In a recent interview published by India’s public service broadcaster DD News, Sanskrit scholar Professor Chirapat Prapandvidya, from Thailand, exclaimed, “Thailand is the most crucial place for study of Sanskrit. We started...KEEP READING
For a few years now, Spring in the Arab world comes with a number of political connotations that have now become part of standard vocabulary. In Egypt, amidst constant political change, we thought of infusing a dose of Indian culture into this Spring – a festival of arts and music that would arrive seasonally from the East. The idea was conceived in 2013, and the first edition of the festival turned out to be resounding success, with enthusiastic responses from different walks of life, and active collaboration with Egyptian artists. By the end, the event was billed as the largest foreign festival in Egypt since the 25 January Revolution. In 2014, the India by the Nile festival was even bigger, with more than 13 different events spread across three different governorates. Every event of the festival, whether it was the Bollywood musical, the classical Indian dance Kathak or the conversation between writers, received tremendous responses.
One of the principal objectives of the festival, along with presenting Indian culture in all its myriad forms, was to establish lasting relationships between artists and performers from both countries - to provide a platform for them to collaborate on their work and to share experiences. What had been a seed of an idea last year blossomed in unexpected ways - the Bollywood workshop at Medan Hanager attracted some six hundred people, of all age groups, and the talented dancer Gilles Chuyen even visited the Awladi Orphanage to conduct a workshop for the children there. A leading trainer from India, Puneeta Roy held a workshop with children of the New Horizon school on the topic of Being HuMan. One of India’s most famous cartoonists, Sudhir Tailang collaborated with the Egyptian Caricature society – overcoming barriers of language and politics, both sides talked and worked on common issues affecting their countries. The Rajasthani folk music group even stayed back after their event to participate in the Drums Festival being held in Cairo.
Two particular events stand out as symbols of what future collaboration between the two countries in the cultural domain could look like. On a windy April evening in Cairo, the Embassy honoured eleven Egyptian and Indian women for excellence in their respective fields, from diplomacy and arts to business and government. These ‘Women of Substance’ took home with them not only the Indian saris they had so gracefully accepted to wear, but the belief that Indian women stood shoulder to shoulder with them in facing common challenges in their societies. The conversations that began that night would carry on till the final event of the festival – Words on Water – in which a galaxy of leading intellectuals from both countries would debate ‘Societies in Transition’ – notions of freedom of expression and satire, women’s rights and patriarchy, and the difficulties of doing business in emerging economies. These conversations built friendships, away from the glare of the media or the formalities of Government, and will continue even as the festival becomes a valuable memory until its next edition.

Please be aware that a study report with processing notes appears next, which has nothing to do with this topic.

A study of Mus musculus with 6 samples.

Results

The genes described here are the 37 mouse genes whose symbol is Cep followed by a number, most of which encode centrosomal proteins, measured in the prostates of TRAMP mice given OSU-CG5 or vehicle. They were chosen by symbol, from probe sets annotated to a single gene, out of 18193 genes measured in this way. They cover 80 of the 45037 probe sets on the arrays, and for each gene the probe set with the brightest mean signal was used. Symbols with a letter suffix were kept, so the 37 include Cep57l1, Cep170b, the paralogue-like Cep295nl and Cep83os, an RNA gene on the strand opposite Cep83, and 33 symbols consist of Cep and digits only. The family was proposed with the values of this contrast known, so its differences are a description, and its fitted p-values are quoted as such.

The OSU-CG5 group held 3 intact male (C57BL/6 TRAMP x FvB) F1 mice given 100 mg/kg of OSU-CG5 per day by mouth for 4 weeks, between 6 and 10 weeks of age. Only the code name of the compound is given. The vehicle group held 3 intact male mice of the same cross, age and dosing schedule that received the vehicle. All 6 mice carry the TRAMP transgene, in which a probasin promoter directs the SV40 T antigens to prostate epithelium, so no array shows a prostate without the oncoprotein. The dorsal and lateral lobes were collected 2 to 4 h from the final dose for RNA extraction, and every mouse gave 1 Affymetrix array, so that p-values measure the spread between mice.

From a public diplomacy platform, the responses to the festival were overwhelming. The Bollywood crew performed a flash mob at the airport on their arrival setting the tone, followed by a Facebook party with some 600 young Egyptians. The media coverage was unprecedented. More than 90 articles in newspapers and magazines, around 130 on online editions appeared about the different events. The festival itself received some 5 hours of prime time television over the course of its three weeks, with news reports on major state and private run channels. The number of followers of the Indian Embassy’s facebook page even jumped from 30,000 to 70,000 during its course. Approximately 10,000 people came in touch with India by the Nile, and brought home with them a memory of India. But perhaps the most important response for us were the questions at the end: “When is the next festival? What are you planning?”
Many years ago, when the Nile used to flood and then recede, it would leave the land fertile for a fresh season of planting and growth. As the second edition of India by the Nile closes, this ancient analogy comes to mind – a seasonal festival of arts and culture that leaves in its wake enduring friendships, lasting partnerships and the continuing belief that while the cultural relations between India and Egypt may be historic, its future is made in the present.